Æbleskiver, a whaddabada?

Categories: Minnesota Made
I had my first taste of æbleskiver (pronounced: Eb-el-sku-wyr) last weekend at the Winter Market. It's a traditional Danish treat often served in December leading up to Christmas. They're roughly the size of golfballs and are puffy, light and round. And they're good. Real good -- they taste kind of like pancake crossed with a popover. Definitely comforting.

And now, you can make them from home! A Minnesota family is marketing both æbleskiver mix and the special pans you need to cook them. The local company is called Aunt Else's and is named for Else (Andersen) Jacobsen, who lives in Morgan, Minnesota. The recipe has been in the family for over 100 years, and the company uses locally grown organic wheat flours and buttermilk in the mix they sell.

Actually making æbleskiver looks a little tricky. You literally needle the batter while it cooks with a knitting needle to get it to its perfectly round shape. (If this sounds confusing, don't worry -- there are instructions on the website!)


Chad Gillard, of Aunt Else's tells me they are traditionally filled with a bit of apple, but you can also use chocolate or berries or anything else that sounds goods to you. You can even go savory, by adding a bit of sausage. Gillard likes them with ginger syrup. If you choose not to fill them with a goodie, you can also serve them with powdered sugar or dipped in apple sauce or jam.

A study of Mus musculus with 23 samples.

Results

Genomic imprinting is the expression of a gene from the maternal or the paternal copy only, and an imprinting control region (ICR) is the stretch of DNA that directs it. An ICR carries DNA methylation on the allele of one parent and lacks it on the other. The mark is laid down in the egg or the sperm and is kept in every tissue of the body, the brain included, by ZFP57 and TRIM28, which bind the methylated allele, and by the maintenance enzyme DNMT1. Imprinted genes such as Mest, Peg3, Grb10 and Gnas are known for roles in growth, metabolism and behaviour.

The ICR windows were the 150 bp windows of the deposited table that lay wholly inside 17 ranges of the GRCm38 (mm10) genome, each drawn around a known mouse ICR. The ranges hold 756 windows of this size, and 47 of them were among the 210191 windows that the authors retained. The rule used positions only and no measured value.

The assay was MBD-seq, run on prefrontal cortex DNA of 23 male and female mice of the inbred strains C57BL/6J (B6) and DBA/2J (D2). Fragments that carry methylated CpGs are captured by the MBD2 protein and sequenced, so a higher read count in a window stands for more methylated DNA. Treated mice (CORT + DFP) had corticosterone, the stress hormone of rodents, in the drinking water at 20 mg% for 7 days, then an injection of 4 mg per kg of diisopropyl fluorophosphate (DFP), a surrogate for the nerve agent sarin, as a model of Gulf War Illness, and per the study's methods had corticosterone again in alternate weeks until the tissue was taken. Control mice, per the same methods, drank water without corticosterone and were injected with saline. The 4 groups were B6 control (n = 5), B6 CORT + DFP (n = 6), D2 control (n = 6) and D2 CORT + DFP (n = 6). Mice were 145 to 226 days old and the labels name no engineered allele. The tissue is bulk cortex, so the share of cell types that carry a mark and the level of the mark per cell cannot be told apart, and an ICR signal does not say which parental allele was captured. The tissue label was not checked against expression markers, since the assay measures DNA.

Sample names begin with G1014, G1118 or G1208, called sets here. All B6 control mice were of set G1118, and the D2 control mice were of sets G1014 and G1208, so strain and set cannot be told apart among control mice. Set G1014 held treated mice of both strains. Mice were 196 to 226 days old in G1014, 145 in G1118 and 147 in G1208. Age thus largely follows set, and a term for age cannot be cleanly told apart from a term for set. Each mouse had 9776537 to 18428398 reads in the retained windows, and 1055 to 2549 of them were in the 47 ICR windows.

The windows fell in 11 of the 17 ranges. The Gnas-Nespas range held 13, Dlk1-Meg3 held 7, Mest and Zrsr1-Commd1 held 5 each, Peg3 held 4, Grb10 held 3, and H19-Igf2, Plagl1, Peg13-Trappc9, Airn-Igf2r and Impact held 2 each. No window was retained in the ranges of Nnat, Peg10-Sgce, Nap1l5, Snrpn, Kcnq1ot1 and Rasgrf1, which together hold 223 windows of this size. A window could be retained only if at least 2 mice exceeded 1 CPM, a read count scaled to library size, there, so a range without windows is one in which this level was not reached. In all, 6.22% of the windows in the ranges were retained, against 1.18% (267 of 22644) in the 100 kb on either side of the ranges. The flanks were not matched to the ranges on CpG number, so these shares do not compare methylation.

In Denmark during the holidays, æbleskiver is served with gløgg, the Scandinavian mulled wine. There are many varieties of gløgg, but the main ingredients usually are some compilation of red wine, sugar (or molasses), and spices (think: cinnamon, cardamom, cloves). Sometimes, people also add another alcohol like vodka or brandy to the mix. After heating, the spiced-up wine can be served with other little treats like raisins and gingerbread. Mulled wine on a cold night? Sounds good to me.

I can't help you on the gløgg (it's Minnesota, just ask your Scandinavian friends!), but if you want to try æbleskiver, you can find them at the next Winter Market, the third Saturday of the month, Jan. 17. See you there!